It was a forgettable October for the Anaheim Ducks. And that’s putting it nicely. Following last year’s run to within inches of a Stanley Cup appearance, expectations were understandably high for Bruce Boudreau’s club entering the 2015-16 campaign.
Instead, they began the year by winning one of their first 10 games. Two of the most reliable point producers in hockey over the last decade — Corey Perry and Ryan Getzlaf — couldn’t get anything going at all. Making matters worse, Getzlaf had to deal with an appendectomy too.
That’s about as forgettable of a start that a team can have. But they’re still talented, it’s still somewhat early and they’re beginning to show some signs of looking more like the Anaheim team we’ve all come to know over the last few years. Is it possible they’re on the verge of turning this thing around?
To understand the task facing the Ducks, we first have to take a look at the standings. Yes, the first 10 contests were horrendous. And yes, they looked like a shell of themselves offensively at times — perhaps losing guys like Matt Beleskey and Kyle Palmieri was a bigger deal than everyone had originally anticipated. But, even with all that said, they enter play on Saturday just four points back of San Jose for third in the Pacific. And, of course, third in the division equals a playoff spot.
Is it too early to look at potential playoff scenarios? Absolutely. Except, it makes sense as a point of reference in this case. All is not lost for this group. Things went badly, but they didn’t blow up the team. They didn’t make some sort of panic trade, or give up on Boudreau. Sometimes, those are the only ways for a floundering team to salvage their season. In Anaheim’s case though, it probably would’ve been too hasty.
So now they still have their coach behind the bench, their talented roster intact and, most importantly, the majority of their season in front of them. It’s not like the hole they’ve dug themselves is impossible to climb out of — far from it, in fact. If they can get back on track soon, they still have something to play for.
Of course, that motivation of having something to play for generally makes it a little easier to get back on track as well. In theory, at least. Ultimately, talking about getting better does nothing if you don’t actually go out and perform. And there’s reason to believe the Ducks might be able to start doing that.
The Ducks are currently on a three-game winning streak. That’s a modest number, but it’s also their biggest winning streak of the season. What’s more, one of those wins came over the impressive Nashville Predators. The others came in thrilling fashion against Roberto Luongo and the Florida Panthers and against a Columbus Blue Jackets squad starting to turn things around under a new head coach.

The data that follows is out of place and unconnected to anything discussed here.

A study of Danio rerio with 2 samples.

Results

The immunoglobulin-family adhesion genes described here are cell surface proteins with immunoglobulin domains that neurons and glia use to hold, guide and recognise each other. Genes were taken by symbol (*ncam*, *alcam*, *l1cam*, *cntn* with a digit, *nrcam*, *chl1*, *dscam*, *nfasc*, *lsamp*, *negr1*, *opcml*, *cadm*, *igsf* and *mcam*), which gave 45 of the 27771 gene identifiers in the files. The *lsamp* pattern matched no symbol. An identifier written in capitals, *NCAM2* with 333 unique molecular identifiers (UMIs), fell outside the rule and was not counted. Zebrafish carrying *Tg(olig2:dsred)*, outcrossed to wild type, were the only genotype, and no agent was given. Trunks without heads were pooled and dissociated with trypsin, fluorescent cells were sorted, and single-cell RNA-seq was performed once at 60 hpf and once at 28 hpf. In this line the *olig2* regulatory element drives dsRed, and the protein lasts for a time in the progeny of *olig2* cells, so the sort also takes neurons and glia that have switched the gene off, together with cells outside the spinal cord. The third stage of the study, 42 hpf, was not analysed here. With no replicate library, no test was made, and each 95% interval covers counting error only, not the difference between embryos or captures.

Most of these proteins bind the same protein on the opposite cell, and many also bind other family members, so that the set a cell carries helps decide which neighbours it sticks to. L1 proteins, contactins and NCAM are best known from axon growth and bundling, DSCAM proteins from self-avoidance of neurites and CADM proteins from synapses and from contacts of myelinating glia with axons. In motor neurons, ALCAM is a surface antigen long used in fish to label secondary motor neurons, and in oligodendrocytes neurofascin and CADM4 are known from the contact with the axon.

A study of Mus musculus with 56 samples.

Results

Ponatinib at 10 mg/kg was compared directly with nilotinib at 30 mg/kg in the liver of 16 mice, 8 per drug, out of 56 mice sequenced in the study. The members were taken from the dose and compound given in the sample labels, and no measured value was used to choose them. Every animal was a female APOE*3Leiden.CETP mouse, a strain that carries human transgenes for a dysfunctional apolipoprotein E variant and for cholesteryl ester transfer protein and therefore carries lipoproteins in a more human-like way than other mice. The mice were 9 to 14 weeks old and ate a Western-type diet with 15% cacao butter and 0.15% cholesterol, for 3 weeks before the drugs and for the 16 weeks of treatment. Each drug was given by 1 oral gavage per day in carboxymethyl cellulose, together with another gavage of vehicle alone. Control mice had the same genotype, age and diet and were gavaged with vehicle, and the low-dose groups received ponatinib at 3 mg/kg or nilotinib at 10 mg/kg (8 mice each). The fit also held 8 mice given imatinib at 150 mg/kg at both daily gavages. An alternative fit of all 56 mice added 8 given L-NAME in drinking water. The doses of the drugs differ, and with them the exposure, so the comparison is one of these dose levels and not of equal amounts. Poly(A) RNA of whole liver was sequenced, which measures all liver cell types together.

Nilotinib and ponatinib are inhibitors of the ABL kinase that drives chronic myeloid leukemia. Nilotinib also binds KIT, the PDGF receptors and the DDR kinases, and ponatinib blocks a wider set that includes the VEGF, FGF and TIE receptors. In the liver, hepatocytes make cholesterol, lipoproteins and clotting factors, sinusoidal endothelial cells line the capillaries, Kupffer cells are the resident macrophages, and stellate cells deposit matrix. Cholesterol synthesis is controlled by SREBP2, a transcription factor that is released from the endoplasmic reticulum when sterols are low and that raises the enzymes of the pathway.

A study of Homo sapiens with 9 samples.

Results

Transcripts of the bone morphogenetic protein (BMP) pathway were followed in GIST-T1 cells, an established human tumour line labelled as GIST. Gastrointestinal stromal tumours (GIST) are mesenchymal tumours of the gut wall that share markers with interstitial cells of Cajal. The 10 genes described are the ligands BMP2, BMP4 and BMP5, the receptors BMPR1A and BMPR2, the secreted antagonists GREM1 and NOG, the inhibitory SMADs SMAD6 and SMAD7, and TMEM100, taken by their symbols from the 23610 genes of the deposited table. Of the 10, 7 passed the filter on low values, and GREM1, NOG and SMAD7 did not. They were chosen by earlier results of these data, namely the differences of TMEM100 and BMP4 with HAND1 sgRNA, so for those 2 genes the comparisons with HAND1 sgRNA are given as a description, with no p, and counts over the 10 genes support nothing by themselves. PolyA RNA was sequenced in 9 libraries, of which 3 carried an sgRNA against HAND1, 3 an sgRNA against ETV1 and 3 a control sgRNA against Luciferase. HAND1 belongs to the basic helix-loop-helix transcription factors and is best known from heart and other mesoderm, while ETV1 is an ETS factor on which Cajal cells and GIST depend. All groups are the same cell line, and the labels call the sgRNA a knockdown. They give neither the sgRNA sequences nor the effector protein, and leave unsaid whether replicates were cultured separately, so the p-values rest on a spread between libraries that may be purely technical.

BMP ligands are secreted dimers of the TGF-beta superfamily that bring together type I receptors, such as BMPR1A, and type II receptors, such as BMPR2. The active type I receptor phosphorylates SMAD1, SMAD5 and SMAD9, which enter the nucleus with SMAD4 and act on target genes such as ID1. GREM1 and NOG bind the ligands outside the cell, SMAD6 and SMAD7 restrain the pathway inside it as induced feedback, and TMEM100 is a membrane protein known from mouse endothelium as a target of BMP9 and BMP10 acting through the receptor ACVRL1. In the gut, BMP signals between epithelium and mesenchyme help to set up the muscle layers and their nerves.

In fact, the way that second victory played out could have the makings of a potential turning point game. Not to say Anaheim suddenly rattles off 10 straight wins or anything, but it’s possible we all look back in March and point to that contest as one of the pivotal moments for this group.
Down by a goal with just over five seconds left in regulation, the Ducks were able to tie the game up, then win it in the shootout. More importantly, Corey Perry was able to tie it up. Not only did they manage two points, they finally got their top goal-scorer on the board.
So now Anaheim has three wins to build from, Perry’s on the board, Boudreau is still in place and Getzlaf is back from injury. Is that enough? Maybe not. They’ll need to get Ryan Kesler playing like Ryan Kesler again too. And they’ll obviously need more from the likes of Jakob Silfverberg and Carl Hagelin as well. But at least it would be a huge step in the right direction. And they still have one other big element working in their favor: goaltending.
For as much as Frederik Andersen’s 2-5-2 record may not be impressive, it’s more a reminder that you can’t always judge a netminder by his win-loss totals. His 2.03 goals against average has been remarkable — as has his .934 save percentage. It’s not his fault his team isn’t scoring in front of him.
Maybe he can’t maintain those exact peripherals all season, but it would be monumental if he could continue to deliver strong performances between the pipes. Doing so would make a bounce-back by Perry and/or Getzlaf that much more valuable. If they — or any of the other forwards, for that matter — get going, and Andersen just does what he’s been doing and keeps the opposition from scoring, a turnaround in Orange County might not be that far-fetched after all.